The Meyerowitz Stories

Year: 2017
Production Co: IAC FIlms
Studio: Netflix
Director: Noah Baumbach
Producer: Noah Baumbach/Scott Rudin
Writer: Noah Baumbach
Cast: Adam Sandler, Dustin Hoffman, Ben Stiller, Emma Thompson, Grace van Patten, Judd Hirsch, Sigourney Weaver, Adam Driver, Candice Bergen, Sakina Jaffrey

That this movie came from Netflix at a time when they were conducting a high proifle battle of principles with the Cannes Film Festival threatened to overshadow any of the discussion about the actual content, and that's a shame. Even though it's about a very particular slice of humanity that Noah Baumbach specialises in (family dysfunction among upper class New York Jewish literati – see also vintage Woody Allen, Greta Gerwig, etc), there's something in it for everyone who's ever had a family, despite how cliched that sounds.

We meet the Meyerowitzs in no particular order in relation to their importance to the story. Danny (Adam Sandler) is the eldest, a former music prodigy and doting father to his daughter Eliza (Grace Van Patten), who's about to go off to college. He's aware that he's always been more than a slight disappointment to his father, the renowned but fading sculptor Harold (Dustin Hoffman), who's always shown more attention to Danny's younger brother Matthew (Ben Stiller), successful in the finance industry and long since having moved out west.

There's also their half sister Jean (Elizabeth Marvel, who I mistook to be Allison Janney in both the poster and the film almost all the way through), who's aware she's an outsider to their father but shares an easy familial bond with Danny and Matthew, and Harold's wife Maureen (Emma Thompson), an aging hippie who everyone knows is slightly below the rest of the clan when it comes to smarts.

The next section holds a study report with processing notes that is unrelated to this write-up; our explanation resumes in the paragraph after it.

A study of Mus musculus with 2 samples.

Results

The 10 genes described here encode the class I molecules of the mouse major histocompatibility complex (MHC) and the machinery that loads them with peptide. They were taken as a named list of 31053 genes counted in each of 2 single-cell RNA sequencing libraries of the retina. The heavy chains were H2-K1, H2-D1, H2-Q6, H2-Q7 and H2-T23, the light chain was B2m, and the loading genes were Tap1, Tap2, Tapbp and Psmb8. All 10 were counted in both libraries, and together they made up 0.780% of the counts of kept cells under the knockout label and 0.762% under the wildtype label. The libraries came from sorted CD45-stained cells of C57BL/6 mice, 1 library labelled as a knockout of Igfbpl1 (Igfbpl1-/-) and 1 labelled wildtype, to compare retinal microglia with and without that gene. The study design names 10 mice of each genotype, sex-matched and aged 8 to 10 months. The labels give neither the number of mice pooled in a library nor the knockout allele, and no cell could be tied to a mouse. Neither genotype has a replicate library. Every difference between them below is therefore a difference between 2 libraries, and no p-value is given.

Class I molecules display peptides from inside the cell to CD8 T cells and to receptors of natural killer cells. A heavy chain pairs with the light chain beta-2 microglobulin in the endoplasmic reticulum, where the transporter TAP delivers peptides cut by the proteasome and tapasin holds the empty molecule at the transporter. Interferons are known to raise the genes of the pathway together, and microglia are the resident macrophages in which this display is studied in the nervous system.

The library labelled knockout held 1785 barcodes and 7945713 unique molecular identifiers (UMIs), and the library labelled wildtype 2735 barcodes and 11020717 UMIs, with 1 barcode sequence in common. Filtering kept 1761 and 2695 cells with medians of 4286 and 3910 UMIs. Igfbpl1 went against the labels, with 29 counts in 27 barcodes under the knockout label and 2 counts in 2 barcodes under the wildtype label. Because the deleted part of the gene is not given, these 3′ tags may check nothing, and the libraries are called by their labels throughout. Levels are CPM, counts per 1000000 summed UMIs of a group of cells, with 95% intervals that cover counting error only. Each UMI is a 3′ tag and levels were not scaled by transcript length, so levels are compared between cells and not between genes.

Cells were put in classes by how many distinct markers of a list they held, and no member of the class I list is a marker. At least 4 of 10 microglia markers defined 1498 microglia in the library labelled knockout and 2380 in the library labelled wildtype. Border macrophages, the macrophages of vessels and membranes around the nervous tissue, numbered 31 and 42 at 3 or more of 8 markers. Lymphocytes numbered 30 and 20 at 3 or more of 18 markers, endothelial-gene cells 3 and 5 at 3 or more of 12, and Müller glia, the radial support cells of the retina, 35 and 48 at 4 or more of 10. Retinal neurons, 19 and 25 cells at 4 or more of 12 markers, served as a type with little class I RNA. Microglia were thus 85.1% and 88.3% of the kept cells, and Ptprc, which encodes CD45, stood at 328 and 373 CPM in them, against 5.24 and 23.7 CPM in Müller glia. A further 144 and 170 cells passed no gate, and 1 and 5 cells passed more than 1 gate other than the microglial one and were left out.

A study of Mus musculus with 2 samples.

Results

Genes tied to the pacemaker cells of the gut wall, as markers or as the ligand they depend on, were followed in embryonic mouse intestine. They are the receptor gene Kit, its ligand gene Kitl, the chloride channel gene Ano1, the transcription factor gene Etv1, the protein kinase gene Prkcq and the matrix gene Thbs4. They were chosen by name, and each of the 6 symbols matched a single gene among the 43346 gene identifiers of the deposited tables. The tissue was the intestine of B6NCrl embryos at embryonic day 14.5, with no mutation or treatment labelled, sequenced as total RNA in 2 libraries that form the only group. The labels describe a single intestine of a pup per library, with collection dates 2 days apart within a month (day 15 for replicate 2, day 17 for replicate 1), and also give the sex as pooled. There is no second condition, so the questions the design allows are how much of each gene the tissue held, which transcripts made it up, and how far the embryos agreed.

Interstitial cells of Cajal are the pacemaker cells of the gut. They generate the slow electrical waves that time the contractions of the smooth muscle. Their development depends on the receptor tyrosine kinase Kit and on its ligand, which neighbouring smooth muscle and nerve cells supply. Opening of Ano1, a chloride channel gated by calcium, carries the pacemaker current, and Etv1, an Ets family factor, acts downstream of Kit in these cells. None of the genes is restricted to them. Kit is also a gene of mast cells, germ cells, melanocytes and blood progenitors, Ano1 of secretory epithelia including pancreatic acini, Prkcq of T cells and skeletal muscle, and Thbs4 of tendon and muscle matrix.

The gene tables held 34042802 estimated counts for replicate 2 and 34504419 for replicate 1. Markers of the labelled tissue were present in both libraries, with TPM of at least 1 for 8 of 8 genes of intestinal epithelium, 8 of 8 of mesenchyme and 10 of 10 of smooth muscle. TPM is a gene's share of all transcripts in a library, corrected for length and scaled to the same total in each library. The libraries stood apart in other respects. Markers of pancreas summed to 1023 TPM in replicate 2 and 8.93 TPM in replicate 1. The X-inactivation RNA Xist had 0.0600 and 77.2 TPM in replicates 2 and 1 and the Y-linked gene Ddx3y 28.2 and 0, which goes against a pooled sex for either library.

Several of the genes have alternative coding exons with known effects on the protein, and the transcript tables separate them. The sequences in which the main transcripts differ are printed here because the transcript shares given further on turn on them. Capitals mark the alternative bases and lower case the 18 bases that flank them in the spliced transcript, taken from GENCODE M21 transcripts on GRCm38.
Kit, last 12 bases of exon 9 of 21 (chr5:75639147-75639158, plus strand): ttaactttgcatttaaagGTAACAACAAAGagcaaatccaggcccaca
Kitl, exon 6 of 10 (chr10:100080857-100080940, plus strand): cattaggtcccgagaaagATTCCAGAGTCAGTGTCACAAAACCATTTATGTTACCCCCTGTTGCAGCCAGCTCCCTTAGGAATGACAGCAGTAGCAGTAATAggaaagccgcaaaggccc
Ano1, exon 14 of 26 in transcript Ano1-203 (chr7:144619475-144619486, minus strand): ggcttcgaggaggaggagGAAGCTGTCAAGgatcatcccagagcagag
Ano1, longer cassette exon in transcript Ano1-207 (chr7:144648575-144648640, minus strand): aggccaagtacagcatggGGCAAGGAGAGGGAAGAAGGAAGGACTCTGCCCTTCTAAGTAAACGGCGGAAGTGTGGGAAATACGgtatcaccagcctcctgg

And with such well-drawn (and performed) people, the movie is about characters and relationships more than plot. The story itself takes place over a short period where a retrospective of Harold's work is taking place, with supporting characters like Judd Hirsch as a more successful contemporary of Harold's drift around in the background to further stoke the simmering tensions in the family.

Because Sandler is the first one to be introduced you expect him to be the featureless cipher most primary characters are when they're our entry point to unfamiliar terrain or characters. But the script – together with some real performance chops the likes of which we almost never see from him (see Punch Drunk Love) – makes him more than that, giving Danny real characterisations and something to do.

Stiller is also great, keeping the comic mugging he can sometimes trade on right out of the picture, and Hoffman's character as the overly formal but prickly family patriarch is also interesting, though the sexual harassment accusations that have swirled around him for the last year as I write this have threatened to derail any appreciation of his work.

It's hard to recall exactly what went on a few weeks later besides the feeling the proceedings gave you – of the wood-panelled, thin serif font stylings of the wealthy West Village art scene and some actors working at the top of their ability to portray what feels like a real family with a deep and difficult history.